This week, we continue to explore how Ofsted’s new inspection framework will affect leaders across a host of different subjects. This next instalment in our blog series sees us speak with Stacey Searle, Subject Leader for RE at Falinge Park High School in Rochdale.

Keen to promote further discussion and share examples of good practice, she outlined why RE is so important to her and the wider curriculum: “RE to me has always been my passion. The reason for this being that, not only does RE shape history, but it allows pupils to develop their own future through open discussions and challenge questions that arise from current affairs. Here at Falinge Park, the emphasis as a school is not just about getting ‘good grades’ but about each individual and how it shapes them as a person in the future. It is for this reason that I knew I wanted to be subject lead at this school. To me there is no other subject like RE. Not that other subjects are not equally as important: just that it allows pupils to express themselves freely about different beliefs and practices and for pupils to feel safe in sharing these views without feeling they are getting the ‘wrong’ answer. It allows pupils to build positive relationships, celebrate diversity and promote tolerance, all of which are embedded in our school ethos.”

The above statement is what Stacey had to consider when looking at the curriculum. As a teacher of the school for five years, she already knew that she did not just want to walk into the role and completely change the curriculum – a curriculum that the team had not only worked on and developed over the years, but that Stacey had been a part of. “The previous head of department had similar views to mine, and we had planned collaboratively to meet the needs of the pupils at our school,” she explained. “Therefore, a lot of what we cover remains the same, but we are constantly adapting and refining and making our curriculum the best it can be for our students. We are constantly asking ourselves: what are the misconceptions? What key knowledge and skills do the pupils need to have? How can we make it better? How do we make learning stick?

“As religious education has no national curriculum, it does give us flexibility of what we can teach as a school, as long as it fits with the requirements of our locally agreed syllabus. Currently in KS3 we focus on allowing pupils to explore a range of religious and secular beliefs, teachings and practices, as this is something that, at GCSE, is more limited due to the requirements and the number of religions studied. Our intention here is that pupils get the chance to explore a variety of religious and non-religious view points before moving on to a more in-depth study of Christianity and Islam at KS4. Currently in year 7 our theme is ‘the communities we live in.’ It is in year 7 where our curriculum is designed to engage students in thinking about our local community in Rochdale and how we should treat our neighbours; mainly looking at Christianity and Islam, due to the make-up of our local community. In year 8 our theme for the year is ‘what my neighbour believes.’ Here we start to look at the beliefs of all six major world religions, along with some ‘lesser known religions’ and secular viewpoints. It is moving away from just our local community and looking more nationally and worldwide, whilst still making comparisons with our local community. All the while developing skills such as giving detailed opinions, debating, explaining and evaluating viewpoints, whilst making sure pupils are developing in a knowledge rich curriculum that will support them in their journey through to KS4, but most importantly throughout life.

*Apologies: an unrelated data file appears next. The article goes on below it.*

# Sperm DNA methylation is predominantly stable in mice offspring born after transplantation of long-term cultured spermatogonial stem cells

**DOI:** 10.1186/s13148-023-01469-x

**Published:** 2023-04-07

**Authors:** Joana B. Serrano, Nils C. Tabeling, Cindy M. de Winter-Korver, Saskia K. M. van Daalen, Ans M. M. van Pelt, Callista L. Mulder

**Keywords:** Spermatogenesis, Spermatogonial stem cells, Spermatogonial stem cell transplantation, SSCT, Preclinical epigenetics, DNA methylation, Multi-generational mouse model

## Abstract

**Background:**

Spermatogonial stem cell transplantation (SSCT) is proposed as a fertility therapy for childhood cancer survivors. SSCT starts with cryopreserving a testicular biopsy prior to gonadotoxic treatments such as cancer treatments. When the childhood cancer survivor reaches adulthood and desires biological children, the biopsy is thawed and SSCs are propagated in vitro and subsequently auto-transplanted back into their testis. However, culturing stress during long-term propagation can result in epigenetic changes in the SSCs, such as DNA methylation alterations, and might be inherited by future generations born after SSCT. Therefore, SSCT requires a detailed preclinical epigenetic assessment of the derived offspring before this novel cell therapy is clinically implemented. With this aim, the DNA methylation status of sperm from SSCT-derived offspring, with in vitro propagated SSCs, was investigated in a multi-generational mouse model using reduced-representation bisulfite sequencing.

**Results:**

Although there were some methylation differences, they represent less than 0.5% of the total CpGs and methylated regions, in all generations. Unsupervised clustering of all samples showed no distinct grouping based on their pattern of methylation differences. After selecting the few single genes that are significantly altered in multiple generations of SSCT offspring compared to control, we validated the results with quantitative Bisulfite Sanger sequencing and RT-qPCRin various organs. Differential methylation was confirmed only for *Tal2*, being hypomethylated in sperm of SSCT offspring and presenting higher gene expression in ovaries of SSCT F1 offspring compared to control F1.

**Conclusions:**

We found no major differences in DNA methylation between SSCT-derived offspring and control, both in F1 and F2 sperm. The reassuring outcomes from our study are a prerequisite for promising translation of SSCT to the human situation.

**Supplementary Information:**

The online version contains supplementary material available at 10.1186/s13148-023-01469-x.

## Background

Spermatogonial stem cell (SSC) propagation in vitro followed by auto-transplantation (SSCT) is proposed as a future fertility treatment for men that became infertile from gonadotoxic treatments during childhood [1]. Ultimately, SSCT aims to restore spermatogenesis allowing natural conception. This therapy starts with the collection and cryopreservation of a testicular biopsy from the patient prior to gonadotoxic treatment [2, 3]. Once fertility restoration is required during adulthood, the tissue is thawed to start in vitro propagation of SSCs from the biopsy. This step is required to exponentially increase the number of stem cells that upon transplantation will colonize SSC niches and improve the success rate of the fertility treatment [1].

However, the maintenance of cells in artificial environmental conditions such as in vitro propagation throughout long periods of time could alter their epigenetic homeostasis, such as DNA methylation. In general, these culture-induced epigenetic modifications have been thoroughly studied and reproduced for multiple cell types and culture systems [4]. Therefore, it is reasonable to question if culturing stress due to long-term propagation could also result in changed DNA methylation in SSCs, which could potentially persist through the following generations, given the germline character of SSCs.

Summarising, she added: “Our curriculum intent is to make our students aware of the society in which they live. To make them aware of current issues and different religious traditions to teach respect for other people’s views and to celebrate diversity within our society. That, I think summarises not just RE at Falinge but our ‘Falinge Family,’ because that is what we are. We might be from different backgrounds, be of different races, have different religious or no religious views, but we are all one community, learning to respect and celebrate our differences.”

Over the past few weeks, we at B11 Education have had the opportunity to connect with subject specialists such as Stacey, all of whom excel at classroom practice and demonstrate excellent subject knowledge.

Discussing their thoughts on Ofsted’s new inspection framework, head to the B11 blog where you will find insight from leaders in subjects including English, science, maths, history and more.